Spending spur too little for economic woes

PUBLISHED : Friday, 11 June, 1999, 12:00am
UPDATED : Friday, 11 June, 1999, 12:00am

Economists are sceptical Beijing's latest cut in interest rates will spur consumption and a flagging economy given the country's depositors' structure and the condition of state-owned enterprises.

'The cuts are obviously to encourage people to spend more and save less. However, I do not think it will happen because unofficial figures show that about 50 per cent of savings comes from savers in the high-income group who have already bought what they need to buy,' said Zhang Yunling, director of China Academy of Social Sciences.

The other 50 per cent comes from savers in the low-to-middle income group.

'People in this category save as a security for the future.

'No matter how low the interest, they will still save to protect against the uncertain future such as job insecurity, education and medical bills.

'The capital markets are not developed and the risks of investment are too high for individual investors.

'So while there could be a small portion of money flowing into the markets from the high savers, it will not be from people in the low-middle income group.' Beijing on Wednesday cut deposit rates by an average one percentage point and lending rates by 0.75 of a percentage point.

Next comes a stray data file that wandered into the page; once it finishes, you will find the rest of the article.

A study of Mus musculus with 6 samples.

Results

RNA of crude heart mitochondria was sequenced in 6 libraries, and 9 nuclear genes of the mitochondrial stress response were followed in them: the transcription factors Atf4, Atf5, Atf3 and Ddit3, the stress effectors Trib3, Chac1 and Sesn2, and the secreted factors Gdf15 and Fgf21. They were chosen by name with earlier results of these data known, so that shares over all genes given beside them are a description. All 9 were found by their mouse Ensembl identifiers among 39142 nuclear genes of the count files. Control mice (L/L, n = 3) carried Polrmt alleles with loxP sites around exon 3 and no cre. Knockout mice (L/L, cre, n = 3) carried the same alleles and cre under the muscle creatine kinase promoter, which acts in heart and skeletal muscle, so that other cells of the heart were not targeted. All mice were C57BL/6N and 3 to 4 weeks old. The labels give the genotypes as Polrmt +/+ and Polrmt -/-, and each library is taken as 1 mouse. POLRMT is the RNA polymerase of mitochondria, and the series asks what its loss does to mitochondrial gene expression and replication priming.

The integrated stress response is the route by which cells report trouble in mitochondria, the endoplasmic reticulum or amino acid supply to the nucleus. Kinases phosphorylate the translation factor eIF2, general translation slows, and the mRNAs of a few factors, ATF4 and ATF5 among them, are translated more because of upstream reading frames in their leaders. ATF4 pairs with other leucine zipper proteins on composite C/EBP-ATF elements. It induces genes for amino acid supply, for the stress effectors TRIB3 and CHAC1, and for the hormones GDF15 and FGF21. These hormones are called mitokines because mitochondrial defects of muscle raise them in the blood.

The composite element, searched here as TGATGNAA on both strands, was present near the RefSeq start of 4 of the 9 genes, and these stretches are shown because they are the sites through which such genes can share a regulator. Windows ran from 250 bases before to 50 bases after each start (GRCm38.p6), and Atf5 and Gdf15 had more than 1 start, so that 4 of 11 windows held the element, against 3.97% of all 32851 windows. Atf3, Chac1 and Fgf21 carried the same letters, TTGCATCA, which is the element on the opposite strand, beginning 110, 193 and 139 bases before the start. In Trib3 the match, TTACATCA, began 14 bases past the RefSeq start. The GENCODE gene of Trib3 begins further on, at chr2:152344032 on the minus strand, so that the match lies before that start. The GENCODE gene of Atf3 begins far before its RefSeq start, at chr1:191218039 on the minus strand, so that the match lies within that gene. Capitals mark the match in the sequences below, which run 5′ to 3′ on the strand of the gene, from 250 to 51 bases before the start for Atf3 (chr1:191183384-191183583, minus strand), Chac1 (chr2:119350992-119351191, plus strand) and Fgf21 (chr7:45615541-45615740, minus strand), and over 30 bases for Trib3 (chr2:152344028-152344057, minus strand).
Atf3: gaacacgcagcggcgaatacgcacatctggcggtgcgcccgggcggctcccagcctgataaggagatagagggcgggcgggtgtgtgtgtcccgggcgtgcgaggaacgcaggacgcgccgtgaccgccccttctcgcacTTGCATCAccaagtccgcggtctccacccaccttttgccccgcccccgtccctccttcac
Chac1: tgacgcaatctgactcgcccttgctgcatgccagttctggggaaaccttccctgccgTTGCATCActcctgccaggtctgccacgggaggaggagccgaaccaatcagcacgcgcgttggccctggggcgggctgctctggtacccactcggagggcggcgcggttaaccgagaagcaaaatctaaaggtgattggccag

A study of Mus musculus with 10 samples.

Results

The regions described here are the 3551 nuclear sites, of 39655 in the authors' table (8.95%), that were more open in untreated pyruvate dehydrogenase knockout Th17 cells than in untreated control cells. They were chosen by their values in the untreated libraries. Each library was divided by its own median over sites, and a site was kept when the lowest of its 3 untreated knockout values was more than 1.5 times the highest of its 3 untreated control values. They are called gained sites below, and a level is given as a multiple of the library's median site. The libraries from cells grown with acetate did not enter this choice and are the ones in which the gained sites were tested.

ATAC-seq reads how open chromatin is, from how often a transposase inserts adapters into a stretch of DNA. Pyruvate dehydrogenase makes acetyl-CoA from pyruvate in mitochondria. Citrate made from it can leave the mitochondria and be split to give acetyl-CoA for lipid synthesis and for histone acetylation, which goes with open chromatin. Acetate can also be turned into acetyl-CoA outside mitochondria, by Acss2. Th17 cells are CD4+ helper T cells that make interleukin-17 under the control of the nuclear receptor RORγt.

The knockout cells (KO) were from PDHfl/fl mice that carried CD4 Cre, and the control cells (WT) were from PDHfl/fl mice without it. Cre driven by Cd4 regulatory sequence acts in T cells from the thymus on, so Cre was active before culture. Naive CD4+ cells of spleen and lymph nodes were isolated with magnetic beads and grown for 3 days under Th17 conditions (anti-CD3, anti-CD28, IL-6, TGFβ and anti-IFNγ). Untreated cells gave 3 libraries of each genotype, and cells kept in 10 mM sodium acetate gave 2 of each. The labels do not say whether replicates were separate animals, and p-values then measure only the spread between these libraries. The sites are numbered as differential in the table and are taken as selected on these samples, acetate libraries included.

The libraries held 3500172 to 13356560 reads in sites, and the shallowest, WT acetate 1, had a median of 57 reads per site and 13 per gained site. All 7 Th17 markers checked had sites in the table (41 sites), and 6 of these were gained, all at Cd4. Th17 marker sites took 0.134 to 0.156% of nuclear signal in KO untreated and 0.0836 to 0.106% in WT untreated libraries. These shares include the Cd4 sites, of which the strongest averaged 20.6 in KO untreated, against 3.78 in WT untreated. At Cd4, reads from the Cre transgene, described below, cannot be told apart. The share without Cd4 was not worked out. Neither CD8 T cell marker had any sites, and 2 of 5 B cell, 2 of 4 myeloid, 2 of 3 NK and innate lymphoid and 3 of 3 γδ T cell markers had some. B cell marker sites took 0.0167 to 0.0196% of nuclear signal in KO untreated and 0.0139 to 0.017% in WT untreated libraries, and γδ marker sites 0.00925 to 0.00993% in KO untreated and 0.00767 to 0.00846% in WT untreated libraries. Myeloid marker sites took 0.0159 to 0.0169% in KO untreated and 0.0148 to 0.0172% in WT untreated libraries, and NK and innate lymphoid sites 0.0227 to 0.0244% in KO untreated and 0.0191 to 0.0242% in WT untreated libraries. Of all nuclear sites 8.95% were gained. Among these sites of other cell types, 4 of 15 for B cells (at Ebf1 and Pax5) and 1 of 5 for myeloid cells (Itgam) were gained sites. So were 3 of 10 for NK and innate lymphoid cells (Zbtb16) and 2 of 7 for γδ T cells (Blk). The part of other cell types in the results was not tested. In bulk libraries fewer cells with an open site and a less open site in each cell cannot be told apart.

This is the first interest rate cut this year and the seventh since May 1996.

The cut is bigger in deposit rates than lending rates, suggesting the government hopes to bring the spread of the banks to more acceptable levels.

Economists said the cut might not boost state-sector investment.

'For state enterprises, the cut could encourage them to borrow to upgrade operations, rather than expand.

'There is over-capacity in nearly all industries, so why would they want to invest more?' 'The biggest problem facing state-owned enterprises now is over-capacity,' Credit Suisse First Boston senior regional economist Tao Dong said.

'The rate cuts are surprising substantial, bringing nominal rates to extremely low levels. This could encourage some people to channel money to stocks, but it will take a while for existing bank savings to move into the markets,' Shanghai Finance Securities analyst Yao Xinmin said.